As a kid, I played a lot of Netball. I even went on to coach and umpire.
If you’re familiar with Netball, you’ll know that there is a classic Netball move which allows you to swivel on your landing foot and change direction, this move is called a ‘Pivot’.
It may have been all of the pivoting drills that my coach had me do as a kid, which set me up for numerous pivot’s I’ve since encountered as part of my work with different tech companies.
I’ll be using this post to pull together a series of steps that I’ve recently used, to help a company focus and pivot their business and product offerings.
Step 1: Identify the products currently on the company’s radar
We start by identifying what we’re working with. How many products are currently existing in some form? How many others have been identified, and are likely to exist into the near future?
Step 2: Get really clear about the vision for each Product
Work out who the customer is, why the product exists, where it will be available, the who, why, what, where, and when, but leave out the ‘how’ for now.
If this part is tricky, then try the “5 why’s” approach. Ask why 5 times until you reach the real answer.
Step 3: Identify available opportunities for each Product
This involves digging deep into what you know about each product. Opportunities, Gaps, Problems, Insights, Feedback, note it all down
Step 4: Identify themes and Urgency of each opportunity
Go through each opportunity and identify the key themes for each one. Then identify how important the opportunity is to the company. Does it need to be addressed Now (next 3 months), Next (next 3 – 6 months) or Later (next 6+ months)
Step 5: Break each Product’s vision into goals and outcomes
Use the Product’s opportunities to help the company identify goals and outcomes.
These are the goals that fall out of the product vision, and the outcomes that fall out of those goals (and opportunities). Keep this highlevel, and stay away from mentioning features at this point.
At this point, you’ll have a product strategy, for each product, Woop woop!
Step 6: Collate the most urgent outcomes from each product together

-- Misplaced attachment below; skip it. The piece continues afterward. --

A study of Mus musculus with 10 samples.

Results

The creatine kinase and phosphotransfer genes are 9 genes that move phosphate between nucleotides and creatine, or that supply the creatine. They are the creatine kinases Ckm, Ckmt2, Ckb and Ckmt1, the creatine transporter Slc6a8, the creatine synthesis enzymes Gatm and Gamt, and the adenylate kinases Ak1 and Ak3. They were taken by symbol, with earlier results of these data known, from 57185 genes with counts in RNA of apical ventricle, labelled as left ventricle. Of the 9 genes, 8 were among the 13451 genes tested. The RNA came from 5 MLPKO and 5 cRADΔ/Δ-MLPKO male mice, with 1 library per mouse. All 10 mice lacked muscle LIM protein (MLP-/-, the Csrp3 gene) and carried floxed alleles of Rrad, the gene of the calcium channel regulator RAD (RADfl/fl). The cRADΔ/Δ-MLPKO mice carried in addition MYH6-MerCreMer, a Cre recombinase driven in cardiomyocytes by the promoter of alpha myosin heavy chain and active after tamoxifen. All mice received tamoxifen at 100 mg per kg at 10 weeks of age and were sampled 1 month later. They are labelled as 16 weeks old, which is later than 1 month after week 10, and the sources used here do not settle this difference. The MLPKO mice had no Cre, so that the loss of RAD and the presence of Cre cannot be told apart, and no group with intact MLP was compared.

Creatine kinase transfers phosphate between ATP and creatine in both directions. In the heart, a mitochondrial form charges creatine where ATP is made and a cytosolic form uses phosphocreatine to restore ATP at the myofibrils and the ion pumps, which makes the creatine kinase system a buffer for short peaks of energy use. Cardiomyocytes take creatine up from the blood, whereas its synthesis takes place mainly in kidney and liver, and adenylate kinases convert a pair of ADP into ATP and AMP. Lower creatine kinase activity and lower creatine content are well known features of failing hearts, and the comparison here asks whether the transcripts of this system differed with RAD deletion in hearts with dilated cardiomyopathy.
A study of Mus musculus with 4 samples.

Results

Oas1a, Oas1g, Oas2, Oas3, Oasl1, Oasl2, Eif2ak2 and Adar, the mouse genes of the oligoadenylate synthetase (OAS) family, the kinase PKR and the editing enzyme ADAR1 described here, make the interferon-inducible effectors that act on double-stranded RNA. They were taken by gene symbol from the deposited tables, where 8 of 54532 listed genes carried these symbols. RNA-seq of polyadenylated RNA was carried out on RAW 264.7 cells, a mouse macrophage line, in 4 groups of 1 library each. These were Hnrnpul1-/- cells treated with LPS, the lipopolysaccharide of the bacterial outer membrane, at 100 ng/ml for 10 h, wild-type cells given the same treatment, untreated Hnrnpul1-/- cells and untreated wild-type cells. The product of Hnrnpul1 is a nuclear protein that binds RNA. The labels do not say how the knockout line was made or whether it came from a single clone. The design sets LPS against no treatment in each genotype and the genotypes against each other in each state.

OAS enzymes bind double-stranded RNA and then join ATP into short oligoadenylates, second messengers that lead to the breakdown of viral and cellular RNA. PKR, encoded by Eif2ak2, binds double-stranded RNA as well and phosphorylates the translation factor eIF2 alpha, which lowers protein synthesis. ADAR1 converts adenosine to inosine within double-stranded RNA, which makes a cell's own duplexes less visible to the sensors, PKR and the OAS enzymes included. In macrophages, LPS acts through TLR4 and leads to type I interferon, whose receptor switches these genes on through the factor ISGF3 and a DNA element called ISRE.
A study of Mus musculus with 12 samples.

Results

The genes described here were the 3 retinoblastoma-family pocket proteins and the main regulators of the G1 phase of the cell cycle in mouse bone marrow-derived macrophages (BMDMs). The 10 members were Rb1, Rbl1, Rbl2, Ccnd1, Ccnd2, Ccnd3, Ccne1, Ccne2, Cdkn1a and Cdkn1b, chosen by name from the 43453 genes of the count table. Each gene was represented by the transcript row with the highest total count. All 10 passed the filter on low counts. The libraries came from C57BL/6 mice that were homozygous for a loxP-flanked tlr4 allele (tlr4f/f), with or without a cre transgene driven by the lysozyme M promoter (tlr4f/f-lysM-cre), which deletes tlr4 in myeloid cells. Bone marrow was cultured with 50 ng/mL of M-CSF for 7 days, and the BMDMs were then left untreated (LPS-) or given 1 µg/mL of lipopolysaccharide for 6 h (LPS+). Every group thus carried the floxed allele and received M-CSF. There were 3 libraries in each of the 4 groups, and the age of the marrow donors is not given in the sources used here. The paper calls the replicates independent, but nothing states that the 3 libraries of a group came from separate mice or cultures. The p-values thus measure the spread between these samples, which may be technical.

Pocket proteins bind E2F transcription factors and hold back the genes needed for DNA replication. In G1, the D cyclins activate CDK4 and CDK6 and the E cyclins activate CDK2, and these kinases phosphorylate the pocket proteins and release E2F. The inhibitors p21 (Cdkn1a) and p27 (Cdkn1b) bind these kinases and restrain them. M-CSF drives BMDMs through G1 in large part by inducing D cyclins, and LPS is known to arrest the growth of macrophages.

Once all of the Products have a strategy in place, pull out of the outcomes tagged as ‘Now’, into a central place.
Step 7: Re-validate the urgency of the collated list of outcomes
At this point, go through all of the collated ‘Now’ outcomes, and re-validate them as ‘Now’, ‘Next’, or ‘Later’. This time, be sure to think about resourcing, and budgets, such as the number of people the company has to build it’s products, the budget it wants to allocate to getting the products built etc etc
Step 8: Create your roadmap
Finally, the company can move from the hundreds of outcomes it began with, to a handful, that can be used to set a focused roadmap for the next few weeks or months
Step 9: Collate your metrics
When a company has a lot going on, it’s often because enough data hasn’t been collected to determine where the company should focus. Don’t despair if this is your situation. You can garner metrics the old fashioned way.
Collate a list of sales, or projects, or things that the company has done to earn revenue in the last 1-2 years with any of its existing products.
Go through the list and note down what the people working with those customers can remember about the customer interactions, for example, – What type of company was it?
– What roles did the users/customers hold?
– Did customers provide any feedback? Things that they particularly liked or disliked?
The intention behind this is to help us to identify:
– Which customers are using your products / why are they using it?
– Which customers aren’t using your products / why aren’t they using it?
– Who are your customers – is it a certain type of person, is it a certain role, is it a certain type of company, is it a certain use case?
– Ultimately: the goal will be to identify how we can add more value to your customers everyday, and become part of their daily workflow
Ideally, get the whole team involved. It’s really interesting to see how different people remember different things, which help to bring the pieces together.
Step 10: Get the team on board, and explain your ‘why’
Strategy work can often occur behind the scenes. So once you’re ready, get the team involved, explain the process that was taken to get to where you are, and why refocusing was necessary.
It’s also important to note that we haven’t discussed any features yet. Up until here, it’s all about understanding the problems that the company wants to solve as ‘Outcomes’ that it wants to achieve.
This strategy approach allows a company to really get it’s team involved, and leaves it up to the team, to use their experience to work out how to solve real problems.
Some companies freak out at this point, so I suggest if there are concerns about team members running rogue, then spend time with the team, or individuals to help them plan an approach for each roadmap item, and let them take ownership of their plan.
Have you used an approach like this one before? How has it worked for you? Let me know!